Praying for an End to Addiction
Drug addiction is a scourge that affects every state and countless municipalities across America. A prime example is the governor of one of our least-populated states devoting this year’s state of the state speech to the “full-blown heroin crisis” gripping Vermont.
I grew up in a city of about 55,000 in northern Ohio. Yet last year on a visit to a longtime friend who lives in a small town nearby, he mentioned the numerous heroin overdose deaths in his county that year.
The same problem plagues Huntington, West Virginia, where I now live. Ironically, the crackdown on the Appalachian region’s numerous “pill mills” has made heroin a cheaper alternative to oft-abused pain medications.
Appeal for Help
The recently beefed-up police force is doing all it can, executing dozens of warrants on alleged drug dealers. At the start of one roundup, they had Ohio’s Highway Patrol waiting at connecting bridges for fleeing suspects.
What may be different about the situation here is the mayor’s acknowledgement that the city needs more help. It doesn’t have enough police officers to arrest all the drug dealers; even if they did, they would leave behind a mass of addicts, he said recently.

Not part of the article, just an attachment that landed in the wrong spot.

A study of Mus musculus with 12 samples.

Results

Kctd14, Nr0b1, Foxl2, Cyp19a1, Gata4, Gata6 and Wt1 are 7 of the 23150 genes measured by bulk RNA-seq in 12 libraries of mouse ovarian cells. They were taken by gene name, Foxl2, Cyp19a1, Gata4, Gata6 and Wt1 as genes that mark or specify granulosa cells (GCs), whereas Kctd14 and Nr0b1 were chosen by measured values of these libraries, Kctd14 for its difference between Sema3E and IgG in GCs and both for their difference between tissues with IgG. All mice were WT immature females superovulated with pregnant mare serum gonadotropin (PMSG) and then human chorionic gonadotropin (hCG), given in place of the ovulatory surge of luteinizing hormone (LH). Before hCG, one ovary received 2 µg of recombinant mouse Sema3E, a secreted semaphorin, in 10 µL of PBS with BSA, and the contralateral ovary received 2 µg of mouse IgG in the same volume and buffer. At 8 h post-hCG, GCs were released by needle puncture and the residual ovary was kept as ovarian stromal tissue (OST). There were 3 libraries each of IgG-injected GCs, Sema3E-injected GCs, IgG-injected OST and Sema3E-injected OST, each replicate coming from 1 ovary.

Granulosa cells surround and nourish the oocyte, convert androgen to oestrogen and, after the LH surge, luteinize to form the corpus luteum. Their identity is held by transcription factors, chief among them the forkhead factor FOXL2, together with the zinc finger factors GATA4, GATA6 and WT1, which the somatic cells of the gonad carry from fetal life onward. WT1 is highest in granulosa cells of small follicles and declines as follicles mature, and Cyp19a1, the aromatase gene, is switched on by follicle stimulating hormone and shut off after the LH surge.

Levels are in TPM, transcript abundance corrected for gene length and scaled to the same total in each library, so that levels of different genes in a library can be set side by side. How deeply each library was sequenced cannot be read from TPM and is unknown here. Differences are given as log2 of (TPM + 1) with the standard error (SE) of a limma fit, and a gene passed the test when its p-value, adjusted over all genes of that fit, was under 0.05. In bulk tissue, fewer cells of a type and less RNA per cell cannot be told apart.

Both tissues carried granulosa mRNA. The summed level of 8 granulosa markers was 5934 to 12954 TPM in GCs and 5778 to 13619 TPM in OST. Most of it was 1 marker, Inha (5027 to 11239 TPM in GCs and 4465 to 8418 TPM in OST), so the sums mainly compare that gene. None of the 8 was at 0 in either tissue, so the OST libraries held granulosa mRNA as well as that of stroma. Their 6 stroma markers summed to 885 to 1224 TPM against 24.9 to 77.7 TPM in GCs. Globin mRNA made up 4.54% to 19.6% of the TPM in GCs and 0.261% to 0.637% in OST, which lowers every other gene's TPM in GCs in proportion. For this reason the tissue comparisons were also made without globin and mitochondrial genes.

So Mayor Steve Williams is appealing to a higher power, asking churches across the city to come together in prayer at 11:05 a.m. on Sunday, Sept. 7, to seek God’s help in breaking the power of drug addiction here.
I heard about the meeting Williams held with area pastors from the pastor of our church, who attended the session.
A Fabric of Faith
Thanks to news coverage and a video the mayor recorded—reluctantly, our pastor said, since he didn’t want to appear to be making a political appeal—news of the effort has spread quickly.
“Anybody who’s from here knows that a part of the fabric of our community is our faith,” the mayor told one TV station.
It will be interesting to see what develops, especially since efforts to combat this problem thus far are still swimming upstream.
A National Trait
While Huntington has long been known as a place with a church on every corner, I would add that faith is also a strong part of the fabric of the United States. Despite atheists and free thinkers who argue otherwise, prayer and appeals to God are integral elements of this nation’s history.
In searching for mentions of prayer in our past, I quickly came across a couple examples. One is the proclamation calling for a national day of prayer and fasting, signed by President Abraham Lincoln on Mar. 30, 1863, in the middle of the Civil War.
Another is the Constitutional Convention of 1787, when the founding fathers were hopelessly deadlocked. The situation prompted Benjamin Franklin to remind delegates how prayer had sustained the colonies at the beginning of their war with Great Britain to establish independence.
“Our prayers, sir, were heard, and they were graciously answered…” Franklin said. “And have we now forgotten that powerful Friend? Or do we imagine we no longer need His assistance? I have lived, sir, a long time, and the longer I live, the more convincing proofs I see of this truth – that God governs in the affairs of men.”
Franklin’s words are worth remembering during the 21st century, when we fight a foe that can’t be defeated by human weapons alone.